A June 10 note to the President’s Office at Wesleyan grabbed attention—Harvard’s Office of Undergraduate Education wanted help in quickly obtaining 125 copies of Michael Roth’s new book to distribute to Harvard faculty members.
The email was indicative of the excitement that Roth’s latest book, Beyond the University: Why Liberal Education Matters (Yale University Press), has generated since it was published in May. The sixth book that Roth has authored, it has received substantial coverage in the national media and has helped put into historical context today’s debates over the value of a broad, liberal education. Roth reminds readers that accusations about the impracticality of liberal education date back to the days of the Founding Fathers, and are never less convincing than now. He draws on the writings of prominent thinkers such as John Dewey, Jane Addams, W.E.B. Dubois and Thomas Jefferson to make the case for a pragmatic liberal education.
Reviews of the book have appeared in The Washington Post and Inside Higher Ed, while a number of related op-eds and essays by Roth have been published in outlets such as The New York Times, The Chronicle of Higher Education, The Boston Globe andThe Daily Beast. President Roth has discussed his book with The Atlantic magazine, and on public radio stations around the country.
“We’ve been delighted with the amount of attention the book is getting, both on the local and national levels. It’s engaging precisely with the big and urgent questions out there about higher education, just as we hoped. President Roth has been a great spokesperson for defending the humanities, which have been under scrutiny of late,” said John Donatich, director of Yale University Press. “We are currently selling into a second printing of the book, and it’s very possible we could go into a third printing. We expect it to sell even more in paperback down the road.”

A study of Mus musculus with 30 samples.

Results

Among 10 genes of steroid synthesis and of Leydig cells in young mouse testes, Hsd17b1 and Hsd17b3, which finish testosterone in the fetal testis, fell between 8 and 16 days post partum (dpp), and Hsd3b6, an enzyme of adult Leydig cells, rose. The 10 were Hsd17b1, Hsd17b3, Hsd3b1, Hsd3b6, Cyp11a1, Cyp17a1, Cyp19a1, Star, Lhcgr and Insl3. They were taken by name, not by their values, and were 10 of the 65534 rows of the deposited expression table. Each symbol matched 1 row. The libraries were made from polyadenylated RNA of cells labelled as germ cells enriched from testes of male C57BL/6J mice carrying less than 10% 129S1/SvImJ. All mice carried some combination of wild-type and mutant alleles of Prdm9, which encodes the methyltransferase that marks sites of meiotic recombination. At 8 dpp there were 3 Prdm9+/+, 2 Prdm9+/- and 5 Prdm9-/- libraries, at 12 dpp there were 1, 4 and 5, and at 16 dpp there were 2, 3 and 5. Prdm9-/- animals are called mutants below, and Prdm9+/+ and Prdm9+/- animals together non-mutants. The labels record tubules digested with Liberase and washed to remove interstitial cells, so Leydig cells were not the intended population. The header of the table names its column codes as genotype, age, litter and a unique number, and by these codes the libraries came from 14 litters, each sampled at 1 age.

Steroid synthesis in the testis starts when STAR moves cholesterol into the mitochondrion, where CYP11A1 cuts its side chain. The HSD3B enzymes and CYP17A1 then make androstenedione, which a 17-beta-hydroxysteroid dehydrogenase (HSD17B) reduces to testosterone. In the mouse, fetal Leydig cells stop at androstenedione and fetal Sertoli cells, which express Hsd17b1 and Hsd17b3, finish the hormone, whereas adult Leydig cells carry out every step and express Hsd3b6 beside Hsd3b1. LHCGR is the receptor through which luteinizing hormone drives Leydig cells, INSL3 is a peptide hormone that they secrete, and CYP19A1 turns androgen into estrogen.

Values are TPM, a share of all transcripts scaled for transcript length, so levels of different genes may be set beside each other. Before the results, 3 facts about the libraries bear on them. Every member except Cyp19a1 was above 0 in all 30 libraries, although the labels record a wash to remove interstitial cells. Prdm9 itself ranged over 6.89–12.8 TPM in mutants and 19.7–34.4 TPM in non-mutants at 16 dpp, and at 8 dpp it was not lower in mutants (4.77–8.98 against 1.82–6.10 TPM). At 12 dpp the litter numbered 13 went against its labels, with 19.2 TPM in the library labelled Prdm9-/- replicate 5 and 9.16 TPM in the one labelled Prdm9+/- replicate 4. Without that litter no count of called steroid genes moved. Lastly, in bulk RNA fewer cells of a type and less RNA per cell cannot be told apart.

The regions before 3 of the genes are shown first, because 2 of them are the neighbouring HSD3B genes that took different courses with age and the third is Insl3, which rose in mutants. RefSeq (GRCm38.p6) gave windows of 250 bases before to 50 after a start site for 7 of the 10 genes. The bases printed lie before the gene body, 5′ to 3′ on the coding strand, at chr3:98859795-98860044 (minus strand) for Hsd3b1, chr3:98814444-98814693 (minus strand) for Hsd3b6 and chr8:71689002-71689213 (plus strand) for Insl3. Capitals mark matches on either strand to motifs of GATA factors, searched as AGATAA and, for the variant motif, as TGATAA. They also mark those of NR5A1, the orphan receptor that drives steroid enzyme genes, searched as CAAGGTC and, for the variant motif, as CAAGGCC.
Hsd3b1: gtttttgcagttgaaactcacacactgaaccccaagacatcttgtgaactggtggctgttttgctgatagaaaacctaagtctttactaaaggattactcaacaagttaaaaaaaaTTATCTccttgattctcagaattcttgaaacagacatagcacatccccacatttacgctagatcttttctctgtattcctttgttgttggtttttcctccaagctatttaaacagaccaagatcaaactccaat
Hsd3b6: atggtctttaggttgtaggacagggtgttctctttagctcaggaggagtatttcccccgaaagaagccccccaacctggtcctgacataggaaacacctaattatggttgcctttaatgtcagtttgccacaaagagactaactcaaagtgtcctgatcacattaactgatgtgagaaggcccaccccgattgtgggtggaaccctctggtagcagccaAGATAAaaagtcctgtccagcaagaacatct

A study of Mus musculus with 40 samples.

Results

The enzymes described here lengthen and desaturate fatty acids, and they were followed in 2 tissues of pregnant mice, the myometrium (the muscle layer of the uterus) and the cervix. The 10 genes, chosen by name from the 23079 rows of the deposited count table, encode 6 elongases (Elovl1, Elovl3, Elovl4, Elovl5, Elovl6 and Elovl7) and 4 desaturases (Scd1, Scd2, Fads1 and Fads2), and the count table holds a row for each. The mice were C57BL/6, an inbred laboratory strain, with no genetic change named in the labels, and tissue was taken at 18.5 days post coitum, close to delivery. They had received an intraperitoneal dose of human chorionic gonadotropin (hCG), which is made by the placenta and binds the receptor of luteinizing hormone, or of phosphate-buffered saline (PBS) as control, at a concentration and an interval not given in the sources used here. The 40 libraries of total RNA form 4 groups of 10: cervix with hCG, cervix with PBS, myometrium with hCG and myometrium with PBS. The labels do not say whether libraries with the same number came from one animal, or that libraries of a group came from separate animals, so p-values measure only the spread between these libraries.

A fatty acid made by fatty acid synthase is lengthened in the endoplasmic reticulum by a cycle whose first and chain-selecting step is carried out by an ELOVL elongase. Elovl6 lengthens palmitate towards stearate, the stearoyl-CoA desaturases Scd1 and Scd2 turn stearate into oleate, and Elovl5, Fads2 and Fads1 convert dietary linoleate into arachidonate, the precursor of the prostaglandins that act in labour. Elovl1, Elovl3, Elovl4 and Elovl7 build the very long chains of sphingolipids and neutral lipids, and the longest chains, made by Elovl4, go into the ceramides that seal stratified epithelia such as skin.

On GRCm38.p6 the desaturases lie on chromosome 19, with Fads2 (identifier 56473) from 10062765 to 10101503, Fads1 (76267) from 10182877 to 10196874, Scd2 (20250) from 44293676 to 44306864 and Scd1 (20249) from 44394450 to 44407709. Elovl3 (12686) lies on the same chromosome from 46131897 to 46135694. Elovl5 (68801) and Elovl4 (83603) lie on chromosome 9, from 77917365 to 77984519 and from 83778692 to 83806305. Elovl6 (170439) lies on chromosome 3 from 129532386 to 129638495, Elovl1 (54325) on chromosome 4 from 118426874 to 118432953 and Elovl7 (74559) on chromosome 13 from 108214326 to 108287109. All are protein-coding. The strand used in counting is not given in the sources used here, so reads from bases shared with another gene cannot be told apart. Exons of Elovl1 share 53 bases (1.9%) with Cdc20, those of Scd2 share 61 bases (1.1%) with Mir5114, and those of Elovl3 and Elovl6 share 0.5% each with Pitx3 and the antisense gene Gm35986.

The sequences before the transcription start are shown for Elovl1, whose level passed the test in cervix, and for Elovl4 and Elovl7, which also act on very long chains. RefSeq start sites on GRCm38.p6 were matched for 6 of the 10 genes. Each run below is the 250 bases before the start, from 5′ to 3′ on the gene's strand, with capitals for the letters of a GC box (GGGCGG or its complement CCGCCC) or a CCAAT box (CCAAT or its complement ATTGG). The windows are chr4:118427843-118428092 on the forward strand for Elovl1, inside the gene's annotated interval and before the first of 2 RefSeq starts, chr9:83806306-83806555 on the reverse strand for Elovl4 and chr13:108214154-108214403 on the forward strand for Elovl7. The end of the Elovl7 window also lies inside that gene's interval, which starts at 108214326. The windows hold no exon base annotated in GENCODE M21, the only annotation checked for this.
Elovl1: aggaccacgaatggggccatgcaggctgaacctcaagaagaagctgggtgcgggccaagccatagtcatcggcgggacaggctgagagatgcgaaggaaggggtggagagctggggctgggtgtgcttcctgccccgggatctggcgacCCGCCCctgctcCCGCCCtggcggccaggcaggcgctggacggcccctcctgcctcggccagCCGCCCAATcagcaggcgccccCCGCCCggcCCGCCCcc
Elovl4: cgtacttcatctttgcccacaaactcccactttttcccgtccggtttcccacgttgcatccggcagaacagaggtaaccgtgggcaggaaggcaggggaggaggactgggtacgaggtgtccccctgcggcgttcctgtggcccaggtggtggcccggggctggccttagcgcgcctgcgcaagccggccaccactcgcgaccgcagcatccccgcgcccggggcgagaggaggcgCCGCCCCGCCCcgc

In addition, Chinese and Korean translations of the book are in the works.
Reviews of the book have been positive. Writing in The Washington Post, Christopher B. Nelson, president of St. John’s College in Annapolis, praises it as a “lucid, helpful and accessible account of the current challenges to higher education.”
“By presenting his argument historically, Roth, president of Wesleyan University, maintains a judicious distance from his subject and avoids the trap—all too enticing for a zealous advocate—of delivering a passionate apologia for a broad generalization. Instead, he gives us a substantial and lively discussion that allows the reader to maintain an open mind while examining the strengths and weaknesses of the several threads, each in its own turn,” writes Nelson.
And Kirkus Reviews writes: “While underscoring the democratic spirit of a liberal arts education, one designed to produce ‘active citizens rather than passive subjects,’ Roth traces how even the Founding Fathers of the republic restricted the education to patrician white males, excluding women, slaves and others—and that the question of whether farmers need to be able to read Shakespeare has long sparked debate. Between pragmatism and idealism, the author strikes a moderate, balanced approach. The result is more like a primer on the history of higher education than a manifesto.”
See all media coverage of Beyond the University here.
Read more about Beyond the University in this Wesleyan Connection article.